If a health care bill passes Congress, U.S. Rep. Adam Smith worries that people will pick apart what it doesn't do rather than what it does.
The lawmaker whose district includes Lacey and Tacoma said he’s worried that supporters could be voted out of office and the health care plan could be overturned in a new Congress.
“I’ve seen it happen before,” he said.
Smith was answering questions at a pair of town hall meetings Saturday.
In the morning he spoke to about 40 people at First United Methodist Church in Tacoma at an event sponsored by America In Solidarity. In the afternoon he was scheduled to speak at the Knutzen Family Theatre in Federal Way.
In Tacoma, Smith fielded questions about health care, foreign aid, think tanks, the military-industrial complex, government contractors, Iraq, Afghanistan, Iran and airstrikes in Pakistan, among other topics.
Kent Alcorn, 72, of Tacoma’s North End said he was satisfied with Smith’s answers to his questions on nuclear submarines. But John Nichols, 28, of Tacoma, who describes himself as an anti-war independent, felt Smith delivered too many “politician answers – nonanswers.”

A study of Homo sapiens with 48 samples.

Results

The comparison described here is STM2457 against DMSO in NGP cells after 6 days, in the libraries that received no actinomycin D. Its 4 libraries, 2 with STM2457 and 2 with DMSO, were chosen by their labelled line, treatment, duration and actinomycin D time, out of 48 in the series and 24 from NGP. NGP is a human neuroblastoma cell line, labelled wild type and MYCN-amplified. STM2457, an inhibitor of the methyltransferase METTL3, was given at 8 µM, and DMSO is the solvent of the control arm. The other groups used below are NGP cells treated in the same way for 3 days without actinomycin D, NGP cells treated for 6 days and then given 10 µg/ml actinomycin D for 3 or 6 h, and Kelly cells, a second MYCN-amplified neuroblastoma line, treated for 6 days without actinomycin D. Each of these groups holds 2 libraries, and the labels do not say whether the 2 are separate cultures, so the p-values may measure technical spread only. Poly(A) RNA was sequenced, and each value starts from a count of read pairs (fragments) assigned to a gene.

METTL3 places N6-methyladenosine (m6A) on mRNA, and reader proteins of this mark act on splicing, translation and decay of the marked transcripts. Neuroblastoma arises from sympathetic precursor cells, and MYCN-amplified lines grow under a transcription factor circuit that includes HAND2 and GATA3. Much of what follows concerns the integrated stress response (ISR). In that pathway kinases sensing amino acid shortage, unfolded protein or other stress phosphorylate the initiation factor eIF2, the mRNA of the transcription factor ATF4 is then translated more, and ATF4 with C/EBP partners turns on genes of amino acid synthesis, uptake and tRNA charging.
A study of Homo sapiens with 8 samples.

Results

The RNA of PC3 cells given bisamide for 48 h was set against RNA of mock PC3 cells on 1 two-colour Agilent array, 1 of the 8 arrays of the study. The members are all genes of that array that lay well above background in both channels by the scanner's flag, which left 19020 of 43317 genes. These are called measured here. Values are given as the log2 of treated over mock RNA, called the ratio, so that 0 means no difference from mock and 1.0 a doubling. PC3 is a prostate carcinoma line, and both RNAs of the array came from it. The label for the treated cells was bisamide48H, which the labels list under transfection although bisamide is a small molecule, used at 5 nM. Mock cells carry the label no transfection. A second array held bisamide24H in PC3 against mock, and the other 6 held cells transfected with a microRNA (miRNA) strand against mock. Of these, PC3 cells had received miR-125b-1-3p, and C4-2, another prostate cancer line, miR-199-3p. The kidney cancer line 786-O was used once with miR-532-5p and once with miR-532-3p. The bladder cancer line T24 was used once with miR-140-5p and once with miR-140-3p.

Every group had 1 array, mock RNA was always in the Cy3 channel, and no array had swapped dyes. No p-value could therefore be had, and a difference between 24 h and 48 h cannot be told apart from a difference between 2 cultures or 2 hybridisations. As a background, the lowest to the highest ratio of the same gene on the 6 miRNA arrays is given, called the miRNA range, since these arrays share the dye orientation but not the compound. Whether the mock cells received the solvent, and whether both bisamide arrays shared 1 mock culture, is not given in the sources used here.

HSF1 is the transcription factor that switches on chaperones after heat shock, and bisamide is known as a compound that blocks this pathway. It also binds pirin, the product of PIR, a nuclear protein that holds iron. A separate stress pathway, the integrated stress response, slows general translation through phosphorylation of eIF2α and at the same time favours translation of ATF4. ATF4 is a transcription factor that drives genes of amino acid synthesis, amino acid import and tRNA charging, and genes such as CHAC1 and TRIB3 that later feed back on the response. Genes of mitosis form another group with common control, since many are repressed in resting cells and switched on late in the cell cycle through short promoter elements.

Smith serves on the Armed Services Committee and the Permanent Select Committee on Intelligence. He chairs the subcommittee on air and land forces, which has jurisdiction over all Army and nearly all Air Force acquisition programs, according to his Web site.
The seven-term congressman was asked whether his knowledge of classified information makes him feel more or less safe in the world.
“Once you actually see what’s there, it’s a dangerous world to be sure, but it’s not as bad as people tell you,” Smith said.
Smith said that even though times seem contentious and difficult, the U.S. political system works “pretty darn well.”
“I’ve been to 50 countries,” he said. “We’re doing really well here.”